In 2014, the Chinese government detailed a plan for implementing a nationwide Social Credit System. This is the government’s plan to evaluate citizens, businesses, and other organizations in China based on their adherence to laws and compliance with the Chinese Communist Party’s (CCP) ideologies and policies.
Working with private companies, the government will expand the number of cameras in public that monitor people’s movements and actions, and will sift through that data along with vast amounts of online purchasing records and social media profiles. They say this policy will be in full force by 2020.
The most popular messaging app in China, WeChat, is used by 1 billion smartphone users in China. WeChat, unlike WhatsApp, doesn’t provide end-to-end encryption. This means that third-party operators, like the government, hackers, and internet operators, can monitor and sift through people’s conversations.
China has almost 200 million surveillance cameras. They are constantly watching for minor and major infractions. In Shenzhen, a major city, they have facial recognition cameras that send information on individuals to a database. It will then find each person’s ID number, social media accounts, phone numbers, etc., and send people messages about fines they face.
One might think that most Chinese citizens wouldn’t want anyone snooping in their daily activities, but most citizens actually agree with the actions of the government. 80% of Chinese citizens surveyed by the CCP said that they approved of the social credit system. Only 1% of participants slightly or strongly disapproved of the social credit system, and 1% believed that it shouldn’t be implemented at all. The results should be taken with a grain of salt given that it was administered by the CCP, who is monitoring everyone and benefits from getting positive results.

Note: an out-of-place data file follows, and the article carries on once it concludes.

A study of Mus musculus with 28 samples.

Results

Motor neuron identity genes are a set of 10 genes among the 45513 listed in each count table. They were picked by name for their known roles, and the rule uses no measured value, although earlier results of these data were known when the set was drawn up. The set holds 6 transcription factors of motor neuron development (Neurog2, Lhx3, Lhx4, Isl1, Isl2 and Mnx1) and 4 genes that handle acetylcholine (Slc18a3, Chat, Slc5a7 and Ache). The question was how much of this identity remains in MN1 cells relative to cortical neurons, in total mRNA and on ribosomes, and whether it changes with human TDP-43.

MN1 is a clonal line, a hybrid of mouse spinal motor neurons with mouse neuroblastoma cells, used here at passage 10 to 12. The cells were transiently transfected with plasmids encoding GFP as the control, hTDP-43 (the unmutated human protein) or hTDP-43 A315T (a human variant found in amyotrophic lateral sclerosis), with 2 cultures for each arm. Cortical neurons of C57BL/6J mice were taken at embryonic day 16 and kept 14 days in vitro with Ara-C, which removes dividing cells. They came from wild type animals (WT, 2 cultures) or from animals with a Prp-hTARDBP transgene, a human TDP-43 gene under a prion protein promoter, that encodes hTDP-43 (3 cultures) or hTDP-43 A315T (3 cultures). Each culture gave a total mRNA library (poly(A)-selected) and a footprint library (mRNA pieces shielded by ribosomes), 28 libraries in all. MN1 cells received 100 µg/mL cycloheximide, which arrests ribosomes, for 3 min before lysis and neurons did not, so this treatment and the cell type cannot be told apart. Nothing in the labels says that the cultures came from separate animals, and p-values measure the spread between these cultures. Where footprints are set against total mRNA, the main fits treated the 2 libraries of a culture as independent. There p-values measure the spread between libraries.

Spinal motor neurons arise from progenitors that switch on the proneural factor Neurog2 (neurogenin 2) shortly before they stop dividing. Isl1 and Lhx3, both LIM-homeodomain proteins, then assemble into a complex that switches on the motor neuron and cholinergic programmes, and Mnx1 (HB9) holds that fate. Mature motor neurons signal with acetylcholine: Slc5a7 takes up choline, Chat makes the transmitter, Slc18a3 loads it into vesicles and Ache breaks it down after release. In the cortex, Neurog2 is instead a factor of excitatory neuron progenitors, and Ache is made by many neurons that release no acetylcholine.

Surveys also show that wealthier, better educated, and older citizens approve of the Social Credit System more than less well-off, less educated, and younger citizens.
One theory is that policy proponents believe this system will give them an advantage. People with high Social Credit Scores would benefit from fast-tracked visas; faster, free car-sharing services; among other things. If people are law-abiding, they will get better access to services. Another theory is that proponents view it as a way to improve their lives and safety. They think of it as a way to protect law-abiding and honest citizens, fostering such behavior in society.
By 2020, the Chinese government plans to track people in China in the online and physical world. We’ll have to wait for 2020 to see what will happen.